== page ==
I was once taught that 80% of all information we gather to make decisions comes to us through our eyes. The other 20% comes in through our other senses. But there is a limit to what we can see: we can't see through objects or identify objects that are too far away. Enter that technology called "binoculars." Long before there were binoculars there were monoculars, and we can all remember the popular telescope we've seen in so many pirate movies. Today's binoculars are to the monoculars of old what today's submarine periscopes are to the pirate telescope. The technology is so radically different we have a hard time making comparisons. This week we're going to take a look at the Leupold Golden Ring Binoculars and how they help increase the valuable data we need for that 80% of the decisions we make.
As you can see from the picture at left, the Leupold Golden Rings are of a completely contemporary design--none of that old blocky black bino look here. The exterior of the binoculars is rubberized and there are ergonomic flats molded into them so that your thumbs have a natural resting space. With the binos hanging around your neck, if you reach down for them and pull them up to your eyes, finding those intentionally and properly placed flats with your thumbs indexes your fingers to adjust focus.
The promotional material for these binos uses such terms as:
- "...Index Matched lenses..."
- "...phase coated, super high reflection coated prisms..."
- and, "...innovative interpupillary distance lock..."
Huh? The part I understood said, "...deliver an extraordinary view; astonishingly crisp images; outstanding color resolution; and excellent definition of subtleties and shade."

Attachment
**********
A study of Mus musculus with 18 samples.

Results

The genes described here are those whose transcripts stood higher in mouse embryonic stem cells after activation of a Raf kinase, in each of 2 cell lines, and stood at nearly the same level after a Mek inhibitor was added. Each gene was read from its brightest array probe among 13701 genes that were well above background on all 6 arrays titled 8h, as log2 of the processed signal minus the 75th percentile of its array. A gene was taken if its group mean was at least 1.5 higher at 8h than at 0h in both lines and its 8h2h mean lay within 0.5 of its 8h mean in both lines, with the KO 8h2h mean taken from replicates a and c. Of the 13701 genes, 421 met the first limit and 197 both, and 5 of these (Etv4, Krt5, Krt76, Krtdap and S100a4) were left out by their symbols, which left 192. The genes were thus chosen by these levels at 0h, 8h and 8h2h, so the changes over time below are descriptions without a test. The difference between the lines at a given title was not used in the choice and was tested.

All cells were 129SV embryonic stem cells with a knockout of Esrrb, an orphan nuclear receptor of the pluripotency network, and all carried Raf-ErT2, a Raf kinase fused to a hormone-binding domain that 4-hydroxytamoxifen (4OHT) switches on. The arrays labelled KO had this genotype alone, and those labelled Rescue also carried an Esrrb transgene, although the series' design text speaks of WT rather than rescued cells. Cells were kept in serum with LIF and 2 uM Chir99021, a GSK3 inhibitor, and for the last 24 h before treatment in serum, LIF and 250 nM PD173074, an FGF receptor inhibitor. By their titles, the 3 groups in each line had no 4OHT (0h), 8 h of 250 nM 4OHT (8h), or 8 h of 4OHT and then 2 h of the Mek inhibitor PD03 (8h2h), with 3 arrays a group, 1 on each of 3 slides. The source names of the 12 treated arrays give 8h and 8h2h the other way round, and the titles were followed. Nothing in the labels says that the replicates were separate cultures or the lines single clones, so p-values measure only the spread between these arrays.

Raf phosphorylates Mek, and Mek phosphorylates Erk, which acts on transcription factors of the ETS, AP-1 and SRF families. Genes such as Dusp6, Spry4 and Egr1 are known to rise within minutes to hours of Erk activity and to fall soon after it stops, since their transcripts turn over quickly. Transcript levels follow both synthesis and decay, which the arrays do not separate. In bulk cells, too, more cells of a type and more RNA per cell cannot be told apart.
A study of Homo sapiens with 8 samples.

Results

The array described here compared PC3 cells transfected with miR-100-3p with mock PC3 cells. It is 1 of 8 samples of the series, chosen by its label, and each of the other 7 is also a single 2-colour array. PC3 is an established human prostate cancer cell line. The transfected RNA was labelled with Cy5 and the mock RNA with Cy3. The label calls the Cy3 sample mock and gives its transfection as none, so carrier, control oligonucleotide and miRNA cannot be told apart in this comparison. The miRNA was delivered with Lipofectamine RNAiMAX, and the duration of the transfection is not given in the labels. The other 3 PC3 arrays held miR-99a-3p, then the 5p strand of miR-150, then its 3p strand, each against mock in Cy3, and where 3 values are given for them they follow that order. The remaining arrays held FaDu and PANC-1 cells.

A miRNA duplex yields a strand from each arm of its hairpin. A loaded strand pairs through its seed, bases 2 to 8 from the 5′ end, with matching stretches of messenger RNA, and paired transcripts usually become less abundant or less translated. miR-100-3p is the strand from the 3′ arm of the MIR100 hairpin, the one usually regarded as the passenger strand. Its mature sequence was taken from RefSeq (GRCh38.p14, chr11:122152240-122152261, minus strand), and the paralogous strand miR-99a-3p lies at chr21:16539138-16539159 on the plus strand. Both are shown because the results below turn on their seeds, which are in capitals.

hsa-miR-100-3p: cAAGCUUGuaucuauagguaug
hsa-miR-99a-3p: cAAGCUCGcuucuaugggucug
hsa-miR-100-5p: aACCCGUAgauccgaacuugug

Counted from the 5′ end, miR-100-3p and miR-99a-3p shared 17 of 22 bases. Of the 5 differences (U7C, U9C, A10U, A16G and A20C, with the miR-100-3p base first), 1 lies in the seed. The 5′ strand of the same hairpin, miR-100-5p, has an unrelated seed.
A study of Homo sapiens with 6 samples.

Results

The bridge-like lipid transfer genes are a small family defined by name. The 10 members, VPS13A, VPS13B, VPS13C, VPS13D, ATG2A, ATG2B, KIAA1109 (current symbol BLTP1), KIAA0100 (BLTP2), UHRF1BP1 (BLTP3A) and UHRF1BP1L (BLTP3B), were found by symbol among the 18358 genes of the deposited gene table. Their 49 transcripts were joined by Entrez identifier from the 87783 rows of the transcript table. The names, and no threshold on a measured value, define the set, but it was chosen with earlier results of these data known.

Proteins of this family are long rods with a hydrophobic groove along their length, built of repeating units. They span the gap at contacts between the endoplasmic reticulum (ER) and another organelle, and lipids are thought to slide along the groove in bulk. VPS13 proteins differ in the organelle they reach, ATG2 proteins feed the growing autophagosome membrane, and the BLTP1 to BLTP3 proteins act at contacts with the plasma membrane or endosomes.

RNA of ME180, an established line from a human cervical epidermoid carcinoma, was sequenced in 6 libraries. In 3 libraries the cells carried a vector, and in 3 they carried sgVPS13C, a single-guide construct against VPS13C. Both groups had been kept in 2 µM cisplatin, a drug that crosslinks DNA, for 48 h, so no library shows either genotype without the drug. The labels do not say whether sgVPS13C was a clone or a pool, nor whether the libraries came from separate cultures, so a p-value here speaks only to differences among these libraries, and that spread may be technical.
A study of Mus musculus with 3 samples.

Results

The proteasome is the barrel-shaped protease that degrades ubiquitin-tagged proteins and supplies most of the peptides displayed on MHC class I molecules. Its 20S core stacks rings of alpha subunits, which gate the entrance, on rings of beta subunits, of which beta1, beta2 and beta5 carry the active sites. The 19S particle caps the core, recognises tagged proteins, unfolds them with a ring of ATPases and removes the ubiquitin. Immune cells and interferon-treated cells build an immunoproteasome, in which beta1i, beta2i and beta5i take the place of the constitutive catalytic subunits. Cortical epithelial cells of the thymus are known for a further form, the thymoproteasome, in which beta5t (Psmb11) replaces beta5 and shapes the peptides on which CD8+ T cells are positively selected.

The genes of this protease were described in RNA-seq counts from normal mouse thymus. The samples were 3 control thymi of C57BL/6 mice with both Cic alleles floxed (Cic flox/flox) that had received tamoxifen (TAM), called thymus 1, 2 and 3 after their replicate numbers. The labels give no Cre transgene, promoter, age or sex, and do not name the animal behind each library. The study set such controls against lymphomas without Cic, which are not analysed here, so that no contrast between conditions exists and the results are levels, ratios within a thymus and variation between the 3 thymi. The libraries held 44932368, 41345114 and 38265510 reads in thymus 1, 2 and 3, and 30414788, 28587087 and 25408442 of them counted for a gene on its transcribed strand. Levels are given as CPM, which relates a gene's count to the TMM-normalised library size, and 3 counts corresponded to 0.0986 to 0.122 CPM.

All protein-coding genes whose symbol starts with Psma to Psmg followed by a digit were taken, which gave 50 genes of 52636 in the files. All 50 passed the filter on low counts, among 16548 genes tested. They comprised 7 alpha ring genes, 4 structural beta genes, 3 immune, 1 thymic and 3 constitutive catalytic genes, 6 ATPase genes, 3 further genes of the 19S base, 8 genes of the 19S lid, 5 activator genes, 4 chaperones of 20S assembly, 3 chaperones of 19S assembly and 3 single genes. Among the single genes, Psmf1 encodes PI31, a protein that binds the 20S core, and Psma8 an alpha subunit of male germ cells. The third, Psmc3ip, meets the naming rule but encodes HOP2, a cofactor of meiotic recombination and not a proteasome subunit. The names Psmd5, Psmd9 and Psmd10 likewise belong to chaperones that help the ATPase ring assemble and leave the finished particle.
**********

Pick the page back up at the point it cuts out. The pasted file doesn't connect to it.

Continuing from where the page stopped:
Now I'm sure that all of those fancy terms mean something to someone in the industry--specifically the magnified viewing industry. Me? I'm a simple guy - I just need to know how easy they are to use and how clear I can see through them. Good answers on both of those issues.
I'm lucky enough to live near a beach, and across the Chesapeake Bay is Dorchester County. When you're testing out binoculars it helps if you have something interesting to look at. So I took the test pairs I have down to the beach. The two pair I have are 8x42 and 10x42. For any of you who don't know, the first number (8 or 10) indicates the actual magnification provided. The second number (42) indicates the size of the objective aperture--that's the lens the light is coming in through.
Adjusting the diopter and interpupillary distance (how far between the center of the lenses you look through) proved quick and easy. It is fairly intuitive with most binoculars and these were no different. At 33.5 ounces, they are slightly heavier than comparable models, but not significantly so. The focus knob lines up under your right (or left) index finger naturally when you grip the binos with your thumb in the flat as described above. That focus knob turns one complete rotation and does so with enough resistance not to be too easily knocked out of placement once you're focused.
Something else that matters on binoculars (apparently) is the "Angular Field of View." This number--7.4 degrees on the 8x42 and 6.5 degrees on the 10x42--determines how much you can see at distance. Translated, that means that you can see 388 feet of something viewed from 1,000 feet away with the 8x42s, or 341 feet of something viewed from the same distance with the 10x42s. Field of view matters quite a bit if you're doing surveillance or intel gathering work. You never know what piece of equipment is sitting just outside that 341 foot view that might be important. What you have to decide, if choosing between these particular two pair of binoculars is this:
Would I rather see 341 feet of that subject magnified 10 times, or 388 feet of that subject magnified eight times? It's a trade off.